Moral Agency

Original Editor - Andrea Sturm

Top Contributors - Rachael Lowe, Tony Lowe and Karen Wilson  

What are Morals

Morals are defined as standards for what behaviour is considered right or wrong.[1] It is important to note that morals differ between individuals and cultures, and that an individual's morals change throughout their life as they mature and their relationships with the environment and people around them change[2]. The most referenced model for this change is Kohlberg's Stages of Moral Development[3][4]:

Others have elaborated on the characteristics of the stages of moral development with special reference to psychological needs, altruism and human relationships, and justice reasoning[5]:

What is Moral Agency

Moral agency is the ability to make ethical decisions based on what is right or wrong. This capacity can be found in individuals or collective entities like businesses or health care institutions.[6] According to Christen et al.,[7] moral agency encompasses three major concepts:

  1. the moral competency of the person or organisation in question
  2. the normative framework on which ethical behaviour is based, and
  3. the situational constraints that influence decision-making.

Moral competencies include reasoning, recognition, response, discernment, accountability, character, motivation, and leadership.[8] With the appropriate normative framework and a supportive situational environment, moral competency gives rise to sound moral judgements. 

What are Moral Agents

A moral agent is any person or collective entity with the capacity to exercise moral agency. It is suggested that rational thought and deliberation are prerequisite skills for any agent.[7] In this way, moral agents can discern between right and wrong and be held accountable for the consequences of their actions. Likewise, moral agents have the responsibility to anticipate and avoid causing unjust harm.

Children and adults with certain intellectual or psychological disabilities may have little or no ability to function as moral agents.[9] In extreme cases, situational constraints, such as being held hostage, can temporarily prevent adults with full mental capacity from acting as moral agents.

Physiotherapist as Moral Agents

Moral agency is essential to good physical therapy practice. While ethical codes provide a framework for sound behaviour, they are not sufficient alone for navigating the range of moral dilemmas that may come with practicing the profession.[10]

Triezenberg et al.[10] argues that fostering strong moral agents requires preparation from the time students start their physiotherapy education. For as much as we may want to do the “right thing”, the judicious application of moral principles in complex scenarios is a skill. Honing this skill requires the development of moral competencies, the integration of these competencies with the values of the profession, and dialogue regarding the ethical dilemmas of practice.[10]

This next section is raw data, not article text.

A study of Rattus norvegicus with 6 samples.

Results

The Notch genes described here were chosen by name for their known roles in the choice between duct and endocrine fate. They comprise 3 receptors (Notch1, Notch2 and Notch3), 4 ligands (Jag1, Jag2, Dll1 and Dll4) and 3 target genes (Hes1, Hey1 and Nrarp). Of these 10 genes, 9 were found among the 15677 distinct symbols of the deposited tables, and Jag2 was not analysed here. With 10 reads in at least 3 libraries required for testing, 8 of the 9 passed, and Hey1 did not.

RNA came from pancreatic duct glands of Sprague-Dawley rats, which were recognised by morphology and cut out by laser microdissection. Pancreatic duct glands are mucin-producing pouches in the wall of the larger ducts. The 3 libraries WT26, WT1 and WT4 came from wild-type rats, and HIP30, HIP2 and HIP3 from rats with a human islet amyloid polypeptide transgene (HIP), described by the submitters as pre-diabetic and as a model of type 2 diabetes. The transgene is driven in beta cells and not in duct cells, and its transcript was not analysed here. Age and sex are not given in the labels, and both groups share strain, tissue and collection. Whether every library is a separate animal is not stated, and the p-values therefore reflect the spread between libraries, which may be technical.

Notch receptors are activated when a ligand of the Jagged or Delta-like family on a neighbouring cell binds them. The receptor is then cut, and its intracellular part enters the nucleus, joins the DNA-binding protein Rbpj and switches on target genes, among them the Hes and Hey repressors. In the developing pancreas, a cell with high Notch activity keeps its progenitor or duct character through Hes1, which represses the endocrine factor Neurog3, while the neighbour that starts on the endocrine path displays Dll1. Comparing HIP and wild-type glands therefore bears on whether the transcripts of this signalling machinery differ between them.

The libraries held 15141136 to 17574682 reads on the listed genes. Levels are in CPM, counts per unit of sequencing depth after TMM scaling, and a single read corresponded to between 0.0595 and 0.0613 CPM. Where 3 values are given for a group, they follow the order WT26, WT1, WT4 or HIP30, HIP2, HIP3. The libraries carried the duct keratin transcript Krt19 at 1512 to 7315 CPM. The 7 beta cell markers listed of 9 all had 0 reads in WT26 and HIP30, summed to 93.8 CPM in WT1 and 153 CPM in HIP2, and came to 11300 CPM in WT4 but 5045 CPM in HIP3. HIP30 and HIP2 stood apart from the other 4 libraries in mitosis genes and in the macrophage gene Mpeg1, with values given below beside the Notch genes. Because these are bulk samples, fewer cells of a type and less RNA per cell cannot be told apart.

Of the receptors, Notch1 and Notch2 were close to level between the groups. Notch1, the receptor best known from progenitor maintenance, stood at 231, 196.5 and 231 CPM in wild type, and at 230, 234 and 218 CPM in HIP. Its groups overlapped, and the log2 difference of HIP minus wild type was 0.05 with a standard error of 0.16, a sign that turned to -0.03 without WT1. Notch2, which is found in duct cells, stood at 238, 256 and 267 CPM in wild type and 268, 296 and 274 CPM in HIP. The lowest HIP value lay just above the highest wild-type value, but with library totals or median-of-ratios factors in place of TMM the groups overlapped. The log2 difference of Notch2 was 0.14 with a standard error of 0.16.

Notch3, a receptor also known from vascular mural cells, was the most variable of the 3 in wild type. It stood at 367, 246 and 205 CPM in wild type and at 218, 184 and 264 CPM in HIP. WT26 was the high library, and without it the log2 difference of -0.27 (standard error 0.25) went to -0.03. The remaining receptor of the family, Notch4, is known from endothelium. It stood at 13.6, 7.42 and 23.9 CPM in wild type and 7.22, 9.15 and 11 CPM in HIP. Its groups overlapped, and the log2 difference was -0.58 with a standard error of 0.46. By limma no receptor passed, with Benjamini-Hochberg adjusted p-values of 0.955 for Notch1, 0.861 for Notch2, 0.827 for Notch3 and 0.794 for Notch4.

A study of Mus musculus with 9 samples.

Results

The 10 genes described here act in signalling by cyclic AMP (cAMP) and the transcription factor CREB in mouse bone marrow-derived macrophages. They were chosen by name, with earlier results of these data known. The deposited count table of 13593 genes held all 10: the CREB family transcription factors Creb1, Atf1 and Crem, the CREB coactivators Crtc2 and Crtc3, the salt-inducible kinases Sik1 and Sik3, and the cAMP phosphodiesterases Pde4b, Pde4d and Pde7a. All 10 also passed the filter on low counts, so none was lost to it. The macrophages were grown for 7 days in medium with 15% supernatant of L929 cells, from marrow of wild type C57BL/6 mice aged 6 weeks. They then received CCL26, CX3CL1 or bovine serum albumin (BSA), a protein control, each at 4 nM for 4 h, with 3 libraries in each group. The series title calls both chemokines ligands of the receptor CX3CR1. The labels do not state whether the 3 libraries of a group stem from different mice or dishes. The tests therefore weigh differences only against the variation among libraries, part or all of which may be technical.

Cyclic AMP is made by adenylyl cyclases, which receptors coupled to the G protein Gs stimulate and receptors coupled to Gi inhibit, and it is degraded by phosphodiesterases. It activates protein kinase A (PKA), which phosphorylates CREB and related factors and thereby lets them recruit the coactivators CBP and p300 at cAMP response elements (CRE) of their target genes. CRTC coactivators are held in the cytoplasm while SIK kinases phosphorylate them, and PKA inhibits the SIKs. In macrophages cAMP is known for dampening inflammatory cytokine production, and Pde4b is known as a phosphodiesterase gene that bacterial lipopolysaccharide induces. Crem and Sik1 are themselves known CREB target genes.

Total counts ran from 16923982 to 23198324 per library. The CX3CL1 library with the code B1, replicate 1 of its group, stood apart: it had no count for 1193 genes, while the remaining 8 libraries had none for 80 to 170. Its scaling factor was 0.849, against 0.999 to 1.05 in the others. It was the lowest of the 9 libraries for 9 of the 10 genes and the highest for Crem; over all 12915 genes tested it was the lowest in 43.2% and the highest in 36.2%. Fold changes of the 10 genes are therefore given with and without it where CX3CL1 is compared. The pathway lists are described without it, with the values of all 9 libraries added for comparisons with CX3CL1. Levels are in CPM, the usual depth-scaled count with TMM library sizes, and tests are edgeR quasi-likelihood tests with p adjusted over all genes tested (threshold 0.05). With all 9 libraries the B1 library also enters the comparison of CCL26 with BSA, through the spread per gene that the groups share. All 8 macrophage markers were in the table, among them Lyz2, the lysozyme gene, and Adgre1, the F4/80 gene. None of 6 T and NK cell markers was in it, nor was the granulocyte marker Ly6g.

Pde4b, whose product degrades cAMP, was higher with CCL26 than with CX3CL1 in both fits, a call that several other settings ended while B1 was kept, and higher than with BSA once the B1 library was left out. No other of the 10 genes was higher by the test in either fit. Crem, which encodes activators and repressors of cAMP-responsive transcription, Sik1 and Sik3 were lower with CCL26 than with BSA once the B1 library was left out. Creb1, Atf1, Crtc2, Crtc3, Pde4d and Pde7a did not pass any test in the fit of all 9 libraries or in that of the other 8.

When physiotherapists understand their role as moral agents, it enhances their ability to identify ethical problems, draw contextually appropriate conclusions, and execute the most sound course of action.[11][12]

Moral Agency in Action

The outcome of moral agency is patient-centred care. Within physiotherapy practice, the therapist-patient interaction acts as a forum for understanding specific patient needs. Personal interaction and mutual learning gives both parties the chance to see the potential to act for positive clinical and ethical change.[11]

Although ideally capacity would be the only factor in physiotherapists exerting moral agency, in practice, contextual variables of the practice environment influence moral conduct.[12] Time constraints, resources, cultural/social context, competing interests, and organisational policies can all influence the ability of health professionals to be effective moral agents.[11][12] When successful, moral agency elevates the integrity of the profession and bolsters the ability of physiotherapists to advocate for the best interest of their patients.

References

  1. Oxford Dictionaries, Oxford University Press, https://en.oxforddictionaries.com/definition/moral (accessed 17 Apr 2018)
  2. Narvaez D, Lapsley DK. The psychological foundations of everyday morality and moral expertise. Character psychology and character education. 2005 Jul 28:140-65.
  3. Kohlberg, L. (1958). The Development of Modes of Thinking and Choices in Years 10 to 16Ph. D. Dissertation, University of Chicago.
  4. Kohlberg, L. (1984). The Psychology of Moral Development: The Nature and Validity of Moral Stages (Essays on Moral Development, Volume 2). Harper & Row
  5. Ma HK. The moral development of the child: an integrated model. Frontiers in public health. 2013 Nov 18;1:57.
  6. Jensen GM, Royeen C, Swisher LL, The Critical Role of Professional Identity Formation and Moral Agency,
  7. 7.0 7.1 Christen M, Van Schalk C, Fischer J, Huppenbauet M, Tanner C. Empirically informed ethics: Morality between facts and norms. Switzerland: Spinger International Publishing; 2014
  8. Fry S, Veatch R, and Taylor C. Case Studies in Nursing Ethics, 4th edition. Sudbury, MA: Jones & Barlett Learning; 2010
  9. Mc Combs School of Business, Texas, Ethics unwrapped.
  10. 10.0 10.1 10.2 Triezenberg HL, Beyond the Code of Ethics - Educating Physical Therapist for their Role as Moral Agents, Journal of Physical Therapy Education, Winter 2000
  11. 11.0 11.1 11.2 Edwards I., Delany C.M., Townsend A.F., Swisher L.L., Moral Agency as Enacted Justice: A Clinical and Ethical Decision-Making Framework for Responding to Health Inequities and Social Injustice, Physical Therapy, Volume 91, Issue 11, 1 November 2011, Pages 1653–1663
  12. 12.0 12.1 12.2 Raines D. Moral Agency in Nursing. Nurs Forum. 1994; 29(1): 5-11.